Where Are the Women? Paddington


The state of women onscreen these days is so bad that a neutral score of zero is actually a positive!


Is there a manic pixie dream girl? [why this matters]


Is there a female character (either a protagonist or a supporting character with significant screen time) in a position of authority (politics, law, medicine, etc.)? [why this matters]

Is there a female villain or antagonist? [why this matters]

Is there a woman whose role could easily have been played by a man? [why this matters]


[no issues]


Is femininity used as a joke (ie, a man crossdressing for humorous intent) in passing? [why this matters]

Is there a female character who is primarily defined by her emotional and/or sexual relationship with a man or men? [why this matters]

Is there a female character who is primarily defined by her emotional or biological relationship with a child or children? [why this matters]

Is a dead mother mentioned? [why this matters]
Is a dead father also mentioned? [why this matters]


Is there anything either positive or negative in the film’s representation of women not already accounted for here? (points will vary)

Sally Hawkins’ kooky mom character is the manic pixie dream girl, and she exists in the story mainly to support her curmudgeonly husband (Hugh Bonneville) in expanding his horizons and accepting Paddington into their family. (After Paddington, Dad takes the biggest personal journey in the film.) But mom does have her own career (as a writer and artist), which is a running motif, and the elderly relative who lives with them (Julie Walters) gets to have a small adventure that takes advantage of the fact that no one expects much from little old ladies.


IS THE FILM’S DIRECTOR FEMALE? No (does not impact scoring)

IS THE FILM’S SCREENWRITER FEMALE? No (does not impact scoring)

BOTTOM LINE: A female villain who holds a position of authority and isn’t defined by her gender nicely balances out other female characters in this ensemble who primarily conform to traditional women’s family roles.

Click here for the ongoing ranking of 2015’s films for female representation.

NOTE: This is not a “review” of Paddington! It is simply an examination of how well or how poorly it represents women. (A movie that represents women well can still be a terrible film; a movie that represents women poorly can still be a great film.) Read my review of Paddington.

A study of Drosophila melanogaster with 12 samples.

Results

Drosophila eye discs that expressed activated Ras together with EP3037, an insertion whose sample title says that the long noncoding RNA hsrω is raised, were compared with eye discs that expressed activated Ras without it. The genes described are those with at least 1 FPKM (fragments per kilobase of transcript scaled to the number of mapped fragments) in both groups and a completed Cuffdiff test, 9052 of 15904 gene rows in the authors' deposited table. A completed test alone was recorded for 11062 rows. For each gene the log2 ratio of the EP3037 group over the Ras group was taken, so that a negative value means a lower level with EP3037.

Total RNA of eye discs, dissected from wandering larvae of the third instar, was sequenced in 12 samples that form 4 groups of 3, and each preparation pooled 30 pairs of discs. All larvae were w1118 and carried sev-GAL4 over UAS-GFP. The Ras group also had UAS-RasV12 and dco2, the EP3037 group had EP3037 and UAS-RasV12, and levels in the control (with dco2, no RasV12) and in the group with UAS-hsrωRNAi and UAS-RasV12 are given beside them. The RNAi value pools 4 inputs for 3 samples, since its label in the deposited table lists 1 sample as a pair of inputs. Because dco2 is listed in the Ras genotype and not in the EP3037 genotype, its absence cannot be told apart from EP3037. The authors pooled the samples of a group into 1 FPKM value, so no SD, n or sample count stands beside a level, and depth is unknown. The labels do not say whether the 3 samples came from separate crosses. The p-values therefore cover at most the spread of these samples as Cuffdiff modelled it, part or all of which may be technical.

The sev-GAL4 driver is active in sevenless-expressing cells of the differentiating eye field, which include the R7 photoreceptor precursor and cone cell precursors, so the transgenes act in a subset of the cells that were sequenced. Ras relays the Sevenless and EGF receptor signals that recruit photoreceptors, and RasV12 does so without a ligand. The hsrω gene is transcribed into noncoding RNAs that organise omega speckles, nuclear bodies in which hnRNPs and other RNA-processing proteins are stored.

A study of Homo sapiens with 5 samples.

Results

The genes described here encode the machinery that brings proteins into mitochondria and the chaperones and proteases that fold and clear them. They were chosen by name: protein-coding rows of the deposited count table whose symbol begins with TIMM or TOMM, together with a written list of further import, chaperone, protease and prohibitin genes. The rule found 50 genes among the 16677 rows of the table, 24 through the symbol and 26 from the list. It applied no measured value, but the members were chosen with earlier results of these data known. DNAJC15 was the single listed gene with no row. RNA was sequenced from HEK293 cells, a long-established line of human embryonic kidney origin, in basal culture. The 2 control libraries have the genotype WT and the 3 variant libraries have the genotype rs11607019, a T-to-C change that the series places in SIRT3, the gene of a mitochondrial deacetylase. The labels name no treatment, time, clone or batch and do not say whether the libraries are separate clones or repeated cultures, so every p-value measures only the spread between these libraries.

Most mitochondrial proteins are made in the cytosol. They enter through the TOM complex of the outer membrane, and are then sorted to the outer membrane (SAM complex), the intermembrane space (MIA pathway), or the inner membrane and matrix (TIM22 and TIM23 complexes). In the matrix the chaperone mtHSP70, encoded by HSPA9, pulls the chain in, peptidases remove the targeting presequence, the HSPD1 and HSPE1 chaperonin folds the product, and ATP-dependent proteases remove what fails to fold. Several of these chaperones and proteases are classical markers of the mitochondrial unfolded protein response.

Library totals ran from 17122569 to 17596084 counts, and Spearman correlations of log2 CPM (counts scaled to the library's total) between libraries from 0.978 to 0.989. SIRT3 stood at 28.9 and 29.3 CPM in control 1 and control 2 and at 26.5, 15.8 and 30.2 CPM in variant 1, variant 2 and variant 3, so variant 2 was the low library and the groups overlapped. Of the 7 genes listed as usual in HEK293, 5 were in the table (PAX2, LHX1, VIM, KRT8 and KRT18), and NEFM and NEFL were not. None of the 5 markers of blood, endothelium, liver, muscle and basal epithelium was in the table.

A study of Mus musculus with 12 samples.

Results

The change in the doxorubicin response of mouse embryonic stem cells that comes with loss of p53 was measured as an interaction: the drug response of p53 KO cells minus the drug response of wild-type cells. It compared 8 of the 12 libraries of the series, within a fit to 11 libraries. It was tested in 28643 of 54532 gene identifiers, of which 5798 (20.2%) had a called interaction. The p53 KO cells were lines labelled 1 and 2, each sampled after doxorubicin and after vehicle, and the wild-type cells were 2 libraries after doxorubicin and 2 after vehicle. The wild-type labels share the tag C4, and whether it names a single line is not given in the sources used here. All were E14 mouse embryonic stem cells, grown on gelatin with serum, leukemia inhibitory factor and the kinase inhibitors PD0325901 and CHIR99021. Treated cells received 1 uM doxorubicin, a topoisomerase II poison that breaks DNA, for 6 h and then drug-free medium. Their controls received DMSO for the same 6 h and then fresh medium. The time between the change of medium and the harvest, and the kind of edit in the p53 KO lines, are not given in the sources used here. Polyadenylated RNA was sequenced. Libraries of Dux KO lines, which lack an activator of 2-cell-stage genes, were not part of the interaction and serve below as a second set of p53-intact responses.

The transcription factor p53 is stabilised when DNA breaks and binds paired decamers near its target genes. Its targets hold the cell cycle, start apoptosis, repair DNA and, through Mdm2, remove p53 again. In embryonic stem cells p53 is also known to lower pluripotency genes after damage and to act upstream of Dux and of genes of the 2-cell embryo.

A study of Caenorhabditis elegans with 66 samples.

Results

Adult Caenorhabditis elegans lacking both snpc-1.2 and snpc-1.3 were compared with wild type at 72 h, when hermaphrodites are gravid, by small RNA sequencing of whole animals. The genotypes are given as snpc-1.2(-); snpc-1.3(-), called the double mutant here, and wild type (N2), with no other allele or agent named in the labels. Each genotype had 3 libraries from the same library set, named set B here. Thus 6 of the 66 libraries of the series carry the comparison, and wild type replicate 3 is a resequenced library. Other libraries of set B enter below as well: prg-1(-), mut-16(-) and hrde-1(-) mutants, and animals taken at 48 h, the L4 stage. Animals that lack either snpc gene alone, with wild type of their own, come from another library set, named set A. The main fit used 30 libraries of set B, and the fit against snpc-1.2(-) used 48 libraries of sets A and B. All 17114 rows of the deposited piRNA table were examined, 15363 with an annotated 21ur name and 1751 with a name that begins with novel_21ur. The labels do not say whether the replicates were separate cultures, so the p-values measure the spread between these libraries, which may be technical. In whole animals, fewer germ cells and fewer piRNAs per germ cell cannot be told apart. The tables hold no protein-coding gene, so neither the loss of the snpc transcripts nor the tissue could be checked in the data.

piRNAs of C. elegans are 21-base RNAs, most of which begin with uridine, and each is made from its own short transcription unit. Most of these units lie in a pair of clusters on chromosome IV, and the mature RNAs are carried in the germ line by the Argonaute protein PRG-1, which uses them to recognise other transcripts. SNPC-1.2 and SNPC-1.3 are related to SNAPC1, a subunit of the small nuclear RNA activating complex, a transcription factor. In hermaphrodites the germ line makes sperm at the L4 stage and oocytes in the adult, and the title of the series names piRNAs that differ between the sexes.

See the full rating criteria. (Criteria that do not apply to this film have been deleted in this rating for maximum readability.)

where are the women
  • Danielm80

    I like the last couple of paragraphs of the New York Times review:

    At the same time, what tykes will make of Nicole Kidman, playing an evil taxidermist loaded for bear, is anyone’s guess. Squished into a white outfit and stacked on towering heels like a nurse in a bondage video, Ms. Kidman seems more a bone thrown to teenage boys than the antagonist in a children’s movie. The little girl sitting next to me at a preview screening was baffled.

    “Why is she wearing those stupid shoes to climb on the roof?” she wondered. I could have hugged her.


  • What do kids make of male villains with ridiculous outfits?

  • Dr. Rocketscience

    Likely depends on what you mean by “ridiculous outfit”.

    I assume the Times review was referring to this. Very tropey, combining the “Mad Scientist” on top with the “Skirt and Fabulous Heels” on the bottom. I also found this outfit, which looks like an Edwardian (?) hunting getup (though I can’t quite tell if those are pants or a skirt, nor what shoes she’s wearing), and this variant which also combines a men’s top with skirt and heeled boots.

    All of them look like the costume designers were trying to create “women’s versions” of English men’s dress tropes.

  • Looks pretty standard-villain to me.

    The heels may be ridiculous, but it’s also ridiculous to liken her outfits to bondage gear.

  • Dr. Rocketscience

    That’s pretty much what I’m thinking.